Civilian Fr James O’Callaghan, C.C.

Civilian Fr James O’Callaghan, C.C. (aged 38), (Upper Janemount, Sunday’s Well, Cork)

Date of incident: 15 May 1921

Sources: CE, 16, 17, 18 May 1921; CWN, 28 May 1921; FJ, 31 May 1921; P. J. Murphy’s WS 869, 28 (BMH); Borgonovo (2007), 110-11; O’Donoghue (1967), 90, 95-98; Ó Murchadha (1976), 90-96; Borgonovo (2007), 111, 165.


Note: Fr O’Callaghan was shot dead by a party of drunken Black and Tans on the night of 15 May 1921 at Upper Janemount in the Sunday’s Well section of Cork city. A ‘brilliant’ scholar and a professor, he was renowned for the great interest he had taken in the revival of the Irish language. Fr O’Callaghan was a guest in the house of Liam De Róiste (Sinn Féin Alderman William Roche), who was himself on the run because of his fear that he was on a British ‘hit list’. He returned home right after Fr O’Callaghan had been shot and made the following record in his diary: ‘A D.I. [District Inspector, RIC] in plain clothes came in. In the usual authoritative official manner he began to say he came to see the place [where] “the clergyman” had been shot and to take any statement. My wife replied at once: “There is no statement to make except that Fr O’Callaghan was shot by police.”’ Alderman Roche himself declared to the District Inspector: ‘“All there is to be said . . . is that your police came here last night to murder me. I was not in and they murdered Father O’Callaghan instead.”’ Mrs De Roiste told the D.I. that she herself had seen the police commit the murder. According to De Roiste, after these sharp exchanges the D.I. and his men ‘left like whipped curs’. See Ó Murchadha (1976), 227. 

The killing of Fr O’Callaghan at the de Róiste residence had been preceded by the deaths of four policemen in the Blackpool area of Cork city on the previous day. An armed RIC patrol in O’Connell Street ‘had been carrying out a methodical house-to-house search. Four constables entered each house, and four remained outside. These latter were bombed by members of the IRA, who then escaped out the Commons Road.’ The cathedral priest Fr J. C. O’Flynn attended to the four dying constables—a Protestant and three Catholics. Early the following day, ‘between three and four o’clock on Pentecost Sunday morning, about twenty policemen and Black and Tans surrounded Mr de Roiste’s house’. The shooting of the priest was done by ‘a tall man in civilian clothes, [with] a scarf across the lower part of his face. . . . He had a revolver in his hands and was very drunk.’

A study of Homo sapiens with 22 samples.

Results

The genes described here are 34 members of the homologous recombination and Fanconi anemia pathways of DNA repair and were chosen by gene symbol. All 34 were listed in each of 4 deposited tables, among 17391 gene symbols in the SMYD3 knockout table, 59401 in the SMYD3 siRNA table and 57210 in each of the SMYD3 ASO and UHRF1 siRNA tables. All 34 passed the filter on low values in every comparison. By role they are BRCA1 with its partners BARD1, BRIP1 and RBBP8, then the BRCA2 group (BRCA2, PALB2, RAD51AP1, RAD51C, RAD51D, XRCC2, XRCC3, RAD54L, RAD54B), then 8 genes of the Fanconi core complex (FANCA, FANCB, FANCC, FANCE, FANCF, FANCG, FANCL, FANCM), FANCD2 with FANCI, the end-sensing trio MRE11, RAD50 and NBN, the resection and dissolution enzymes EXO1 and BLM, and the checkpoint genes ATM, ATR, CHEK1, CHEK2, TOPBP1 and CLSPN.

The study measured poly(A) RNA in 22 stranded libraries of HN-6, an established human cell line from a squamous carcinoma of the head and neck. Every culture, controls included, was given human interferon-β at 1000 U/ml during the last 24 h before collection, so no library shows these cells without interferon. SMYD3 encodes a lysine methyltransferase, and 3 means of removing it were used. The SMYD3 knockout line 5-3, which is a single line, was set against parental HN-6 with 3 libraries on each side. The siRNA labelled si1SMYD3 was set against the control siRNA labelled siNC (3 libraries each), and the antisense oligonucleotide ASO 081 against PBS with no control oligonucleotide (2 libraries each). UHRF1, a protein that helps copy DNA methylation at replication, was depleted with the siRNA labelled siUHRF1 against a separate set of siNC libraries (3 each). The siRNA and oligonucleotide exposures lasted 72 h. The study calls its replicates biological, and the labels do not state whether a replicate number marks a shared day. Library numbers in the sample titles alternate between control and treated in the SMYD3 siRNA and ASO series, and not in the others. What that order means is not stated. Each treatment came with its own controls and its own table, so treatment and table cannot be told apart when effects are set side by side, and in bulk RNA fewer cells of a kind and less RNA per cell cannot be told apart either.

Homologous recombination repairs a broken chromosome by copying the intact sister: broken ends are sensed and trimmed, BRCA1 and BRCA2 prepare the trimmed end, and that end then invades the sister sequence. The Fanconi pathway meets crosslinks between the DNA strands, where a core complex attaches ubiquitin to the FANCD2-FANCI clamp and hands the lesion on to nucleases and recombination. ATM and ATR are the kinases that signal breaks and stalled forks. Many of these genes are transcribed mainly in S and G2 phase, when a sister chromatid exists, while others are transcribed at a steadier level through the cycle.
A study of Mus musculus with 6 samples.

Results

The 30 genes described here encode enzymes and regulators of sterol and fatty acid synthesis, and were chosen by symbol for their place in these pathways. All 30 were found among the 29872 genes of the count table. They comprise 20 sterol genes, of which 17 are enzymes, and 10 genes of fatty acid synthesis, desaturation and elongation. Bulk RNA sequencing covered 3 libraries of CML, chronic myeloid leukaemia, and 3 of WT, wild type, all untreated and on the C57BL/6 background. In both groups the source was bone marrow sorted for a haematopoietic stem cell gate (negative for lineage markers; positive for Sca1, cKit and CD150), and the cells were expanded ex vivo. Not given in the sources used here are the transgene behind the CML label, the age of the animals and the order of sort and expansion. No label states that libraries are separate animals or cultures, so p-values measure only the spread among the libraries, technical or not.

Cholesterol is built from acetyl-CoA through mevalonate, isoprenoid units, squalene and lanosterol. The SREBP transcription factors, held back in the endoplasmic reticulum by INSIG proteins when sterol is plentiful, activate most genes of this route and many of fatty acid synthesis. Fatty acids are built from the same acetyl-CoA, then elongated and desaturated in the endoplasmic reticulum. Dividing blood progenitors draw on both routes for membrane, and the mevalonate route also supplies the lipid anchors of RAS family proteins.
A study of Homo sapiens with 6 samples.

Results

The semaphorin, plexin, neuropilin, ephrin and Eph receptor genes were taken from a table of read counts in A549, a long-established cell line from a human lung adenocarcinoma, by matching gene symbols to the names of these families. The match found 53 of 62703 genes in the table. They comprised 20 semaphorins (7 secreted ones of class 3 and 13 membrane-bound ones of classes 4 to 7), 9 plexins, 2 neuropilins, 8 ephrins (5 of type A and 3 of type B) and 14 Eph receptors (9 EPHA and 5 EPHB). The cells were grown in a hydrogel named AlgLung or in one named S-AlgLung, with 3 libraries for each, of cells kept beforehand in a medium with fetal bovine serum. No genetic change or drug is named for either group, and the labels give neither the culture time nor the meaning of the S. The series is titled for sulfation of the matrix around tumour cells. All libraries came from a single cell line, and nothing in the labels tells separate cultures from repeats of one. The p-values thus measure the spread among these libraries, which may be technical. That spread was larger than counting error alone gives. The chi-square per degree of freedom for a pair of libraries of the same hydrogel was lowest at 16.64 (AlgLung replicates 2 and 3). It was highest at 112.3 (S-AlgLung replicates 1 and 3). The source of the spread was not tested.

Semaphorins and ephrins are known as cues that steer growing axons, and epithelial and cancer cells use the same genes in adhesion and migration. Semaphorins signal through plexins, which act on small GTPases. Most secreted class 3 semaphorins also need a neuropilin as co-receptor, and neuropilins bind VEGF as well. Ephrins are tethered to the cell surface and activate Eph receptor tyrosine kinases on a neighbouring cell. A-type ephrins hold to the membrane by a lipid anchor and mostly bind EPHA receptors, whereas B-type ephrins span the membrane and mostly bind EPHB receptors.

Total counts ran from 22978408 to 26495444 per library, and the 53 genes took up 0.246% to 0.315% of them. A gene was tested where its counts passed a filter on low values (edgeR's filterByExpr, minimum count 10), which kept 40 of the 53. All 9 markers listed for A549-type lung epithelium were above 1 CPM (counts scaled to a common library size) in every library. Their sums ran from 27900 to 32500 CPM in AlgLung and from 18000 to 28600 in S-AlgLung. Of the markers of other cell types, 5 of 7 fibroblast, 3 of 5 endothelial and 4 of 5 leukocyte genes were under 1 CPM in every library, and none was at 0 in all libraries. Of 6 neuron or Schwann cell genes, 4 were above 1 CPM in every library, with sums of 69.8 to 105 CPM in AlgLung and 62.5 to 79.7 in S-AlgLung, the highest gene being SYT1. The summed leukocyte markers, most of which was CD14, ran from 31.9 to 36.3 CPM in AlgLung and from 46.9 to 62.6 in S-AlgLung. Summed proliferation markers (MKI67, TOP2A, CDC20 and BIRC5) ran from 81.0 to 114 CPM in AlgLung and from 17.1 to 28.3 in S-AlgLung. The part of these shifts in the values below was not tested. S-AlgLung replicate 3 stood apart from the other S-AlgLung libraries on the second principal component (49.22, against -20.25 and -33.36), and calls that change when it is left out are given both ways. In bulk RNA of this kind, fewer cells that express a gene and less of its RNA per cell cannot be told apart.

Liam de Róiste ‘was a marked man, being a representative of the republican government in Cork. His home had been raided by the police several times, but luckily each time he was absent. On these occasions the police had met Father O’Callaghan and were perfectly aware that he was staying there as a guest’. Fr O’Callaghan had been appointed a curate to the ‘church of ease’ at Clogheen in October 1920, but there was no local accommodation for him. Alderman de Róiste and his wife had ‘offered him a room in their home in Upper Janemount’, which he gratefully accepted. The dying priest said that ‘he recognised his attacker as a Black and Tan policeman whom he had often seen near Shandon Barracks’. See O’Donoghue (1967), 90, 95-98.

Fr O’Callaghan had been ‘born at Laravoolta, Enniskean, in April 1883. He was educted at St Finbarr’s Seminary, Cork, and later went to Maynooth, where after a brilliant course he was ordained priest on Sunday, 21st June 1908. . . . He acted as professor in the Irish College in Ballingeary for some years and was then appointed chaplain to the Good Shepherd’s [Convent], Cork, and later curate in the Cathedral Parish, being put in charge of Clogheen district.’ At the special request of the people of Clogheen he was buried in Clogheen Churchyard. See CE, 17 May 1921.

At his funeral on 17 May, Bishop Daniel Cohalan of Cork presided over the Solemn Requiem Mass at the cathedral. ‘The attendance of the clergy of the diocese was remarkably large, whilst the Corporation, Harbour Board, County Council, and other various public bodies in the city were numerously represented.’ The public procession afterwards from the city to Clogheen (the burial place) constituted one of the largest funerals ever witnessed in Cork city or county during the entire War of Independence. Besides throngs of the laity, practically all the priests of the diocese turned out, to judge by the extremely lengthy list of their names appearing in the Cork Examiner the next day. See CE, 18 May 1921.